Marijuana paraphanelia found on Shakespeare’s property

Numerous pipes were found in the garden of William Shakespeare.  The pipes were made of ceramic and first uncovered in early 2001 by a group of archaelogists who later would take the pipes to a state of the art facility in SouthAfrica which tested them for traces of drugs. Smoking tobacco was very common during Shakespeare’s age. A full article from National Geographic can be accessed here about the initial attempts to discern what Shakespeare was smoking.

Hemp was a very commonly used industrial product in Elizabethan England, and variations of the plant ( Cannabis Sativa ) were well known and used as well. One of the more alarming findings was that while the levels of cannabis residue had degraded heavily and showed up in trace amounts, the level of cocaine was quite high. More pipes with high levels of cocaine were also found in and around the “Harvard House” which belonged to the founder of Harvard University. Experts disagree about when cocaine use began in Elizabethan England but some contend that Sir Francis Drake brought tons of cocaine back with him which he had taken from Spanish Galleons.

With new testing the pipes were most recently taken to state of the art facilities and retested, and the results from 2001 were confirmed again with both traces of cannabis as well as cocaine being found in the pipes which were found all over Shakespeare’s property. So where to go from here? How can we determine whether or not Shakespeare was someone who indulged in smoking weed? Well, thankfully he left a treasure trove of writings and wrote statements which one could construe as being an indication that he did use marijuana.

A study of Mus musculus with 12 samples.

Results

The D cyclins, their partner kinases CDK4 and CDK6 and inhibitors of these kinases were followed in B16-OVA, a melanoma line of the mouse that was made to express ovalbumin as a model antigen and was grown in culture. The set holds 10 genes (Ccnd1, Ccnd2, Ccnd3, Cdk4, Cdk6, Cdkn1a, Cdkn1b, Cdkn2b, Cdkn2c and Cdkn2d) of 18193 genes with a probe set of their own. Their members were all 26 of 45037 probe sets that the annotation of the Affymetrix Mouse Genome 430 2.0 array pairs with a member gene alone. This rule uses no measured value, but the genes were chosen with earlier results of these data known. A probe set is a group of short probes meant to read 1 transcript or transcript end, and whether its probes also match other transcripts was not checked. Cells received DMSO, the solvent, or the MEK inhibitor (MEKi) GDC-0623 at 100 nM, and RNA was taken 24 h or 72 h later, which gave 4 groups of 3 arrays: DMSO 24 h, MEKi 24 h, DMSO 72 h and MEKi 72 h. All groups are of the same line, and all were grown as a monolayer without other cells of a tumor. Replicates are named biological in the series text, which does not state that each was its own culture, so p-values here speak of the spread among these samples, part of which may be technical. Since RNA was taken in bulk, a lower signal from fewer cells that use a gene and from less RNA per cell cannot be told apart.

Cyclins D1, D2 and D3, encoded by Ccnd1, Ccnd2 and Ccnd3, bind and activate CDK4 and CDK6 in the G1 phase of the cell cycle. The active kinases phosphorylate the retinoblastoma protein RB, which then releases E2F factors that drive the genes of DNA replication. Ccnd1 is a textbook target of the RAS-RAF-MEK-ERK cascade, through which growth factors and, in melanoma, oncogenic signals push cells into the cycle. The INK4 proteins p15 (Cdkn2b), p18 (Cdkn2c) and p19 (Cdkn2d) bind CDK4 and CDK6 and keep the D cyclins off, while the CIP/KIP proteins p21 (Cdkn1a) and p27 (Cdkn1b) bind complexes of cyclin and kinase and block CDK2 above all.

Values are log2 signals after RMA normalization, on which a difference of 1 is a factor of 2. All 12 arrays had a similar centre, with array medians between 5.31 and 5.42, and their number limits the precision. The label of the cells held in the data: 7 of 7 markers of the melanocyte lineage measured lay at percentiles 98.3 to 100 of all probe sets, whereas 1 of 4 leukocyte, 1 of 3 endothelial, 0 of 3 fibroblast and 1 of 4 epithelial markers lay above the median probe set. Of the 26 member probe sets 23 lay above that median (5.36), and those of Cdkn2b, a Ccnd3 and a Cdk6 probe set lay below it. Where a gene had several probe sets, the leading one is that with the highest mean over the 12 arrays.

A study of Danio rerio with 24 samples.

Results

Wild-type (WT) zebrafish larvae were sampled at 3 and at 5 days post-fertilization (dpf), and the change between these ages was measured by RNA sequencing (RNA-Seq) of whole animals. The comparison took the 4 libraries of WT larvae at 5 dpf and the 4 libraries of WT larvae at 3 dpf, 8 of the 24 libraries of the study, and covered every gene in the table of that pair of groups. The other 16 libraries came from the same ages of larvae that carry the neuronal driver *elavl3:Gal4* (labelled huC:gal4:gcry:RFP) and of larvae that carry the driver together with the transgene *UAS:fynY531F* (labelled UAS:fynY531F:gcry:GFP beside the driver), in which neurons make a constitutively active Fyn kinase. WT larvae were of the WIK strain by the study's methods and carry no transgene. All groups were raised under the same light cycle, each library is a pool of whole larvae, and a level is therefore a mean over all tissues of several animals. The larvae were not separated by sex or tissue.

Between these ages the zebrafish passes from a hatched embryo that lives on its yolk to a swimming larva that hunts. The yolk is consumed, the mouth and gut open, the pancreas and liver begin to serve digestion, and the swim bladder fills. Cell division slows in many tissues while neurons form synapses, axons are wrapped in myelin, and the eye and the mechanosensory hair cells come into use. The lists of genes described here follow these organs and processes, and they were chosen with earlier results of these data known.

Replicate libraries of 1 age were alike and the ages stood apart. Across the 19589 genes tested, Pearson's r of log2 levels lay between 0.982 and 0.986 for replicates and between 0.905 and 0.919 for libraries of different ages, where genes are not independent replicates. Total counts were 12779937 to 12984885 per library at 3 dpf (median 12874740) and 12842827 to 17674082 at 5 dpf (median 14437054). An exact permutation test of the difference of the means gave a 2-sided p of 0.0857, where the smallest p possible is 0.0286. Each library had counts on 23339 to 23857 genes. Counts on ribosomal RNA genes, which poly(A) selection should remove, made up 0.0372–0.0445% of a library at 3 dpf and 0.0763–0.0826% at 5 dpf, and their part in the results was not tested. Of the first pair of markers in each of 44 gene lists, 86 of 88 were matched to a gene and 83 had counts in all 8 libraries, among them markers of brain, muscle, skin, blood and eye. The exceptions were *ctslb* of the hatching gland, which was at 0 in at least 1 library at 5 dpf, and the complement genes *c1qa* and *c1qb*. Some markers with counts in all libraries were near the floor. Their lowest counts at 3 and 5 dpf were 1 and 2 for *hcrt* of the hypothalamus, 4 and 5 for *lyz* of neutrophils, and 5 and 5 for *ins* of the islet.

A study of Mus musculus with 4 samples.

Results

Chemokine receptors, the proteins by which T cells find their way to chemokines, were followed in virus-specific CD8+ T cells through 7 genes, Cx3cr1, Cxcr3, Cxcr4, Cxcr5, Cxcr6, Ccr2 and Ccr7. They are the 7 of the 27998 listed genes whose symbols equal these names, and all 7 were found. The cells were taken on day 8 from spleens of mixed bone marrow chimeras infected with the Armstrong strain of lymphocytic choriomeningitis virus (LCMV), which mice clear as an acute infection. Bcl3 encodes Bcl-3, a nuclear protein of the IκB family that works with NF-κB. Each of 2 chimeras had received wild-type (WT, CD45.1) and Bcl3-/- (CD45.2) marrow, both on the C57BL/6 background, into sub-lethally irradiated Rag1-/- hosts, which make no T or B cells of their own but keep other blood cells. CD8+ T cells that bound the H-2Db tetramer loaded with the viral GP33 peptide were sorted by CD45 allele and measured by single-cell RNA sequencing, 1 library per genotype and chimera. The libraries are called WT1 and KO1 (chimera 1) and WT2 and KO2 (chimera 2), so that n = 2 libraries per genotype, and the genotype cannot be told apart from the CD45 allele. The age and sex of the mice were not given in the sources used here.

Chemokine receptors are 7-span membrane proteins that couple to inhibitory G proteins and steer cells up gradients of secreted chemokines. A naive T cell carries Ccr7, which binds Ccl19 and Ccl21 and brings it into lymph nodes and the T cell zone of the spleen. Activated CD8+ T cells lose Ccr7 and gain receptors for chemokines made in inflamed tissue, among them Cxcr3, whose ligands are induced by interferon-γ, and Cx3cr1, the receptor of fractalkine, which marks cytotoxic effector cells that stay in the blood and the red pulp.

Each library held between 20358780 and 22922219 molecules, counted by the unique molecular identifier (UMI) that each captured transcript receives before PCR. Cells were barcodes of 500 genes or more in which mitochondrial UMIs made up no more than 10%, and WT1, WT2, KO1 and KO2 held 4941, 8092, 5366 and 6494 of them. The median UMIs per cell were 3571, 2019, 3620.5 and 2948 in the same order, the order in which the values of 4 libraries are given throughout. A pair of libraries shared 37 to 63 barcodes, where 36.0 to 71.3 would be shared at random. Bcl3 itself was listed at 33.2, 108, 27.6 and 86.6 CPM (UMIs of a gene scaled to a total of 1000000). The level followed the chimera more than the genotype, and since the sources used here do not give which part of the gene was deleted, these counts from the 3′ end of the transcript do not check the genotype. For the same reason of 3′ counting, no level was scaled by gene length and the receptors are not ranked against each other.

Sonnet 76 is probably the most notable example.

Why is my verse so barren of new pride?
So far from variation or quick change?
Why with the time do I not glance aside
To new-found methods and to compounds strange?
Why write I still all one, ever the same,
And keep invention in a noted weed,
That every word doth almost tell my name,
Showing their birth and where they did proceed?
O, know, sweet love, I always write of you,
And you and love are still my argument;
So all my best is dressing old words new,
Spending again what is already spent:
For as the sun is daily new and old,
So is my love still telling what is told.


Obviously the section which catches my attention is

To new-found methods and to compounds strange?
Why write I still all one, ever the same,
And keep invention in a noted weed,

One can surmise that “Compounds strange” could be referring to different types of mind altering substances and that the “Invention in a noted weed” could refer to the increase in creativity many associate with the use of cannabis. Because the use of drugs was not something which was totally taboo in Elizabethan England one can only imagine the elite of the country at the time mixing tobacco with cannabis and cocaine. All were very new to England, and the time must have felt like the 60s with the introduction of LSD.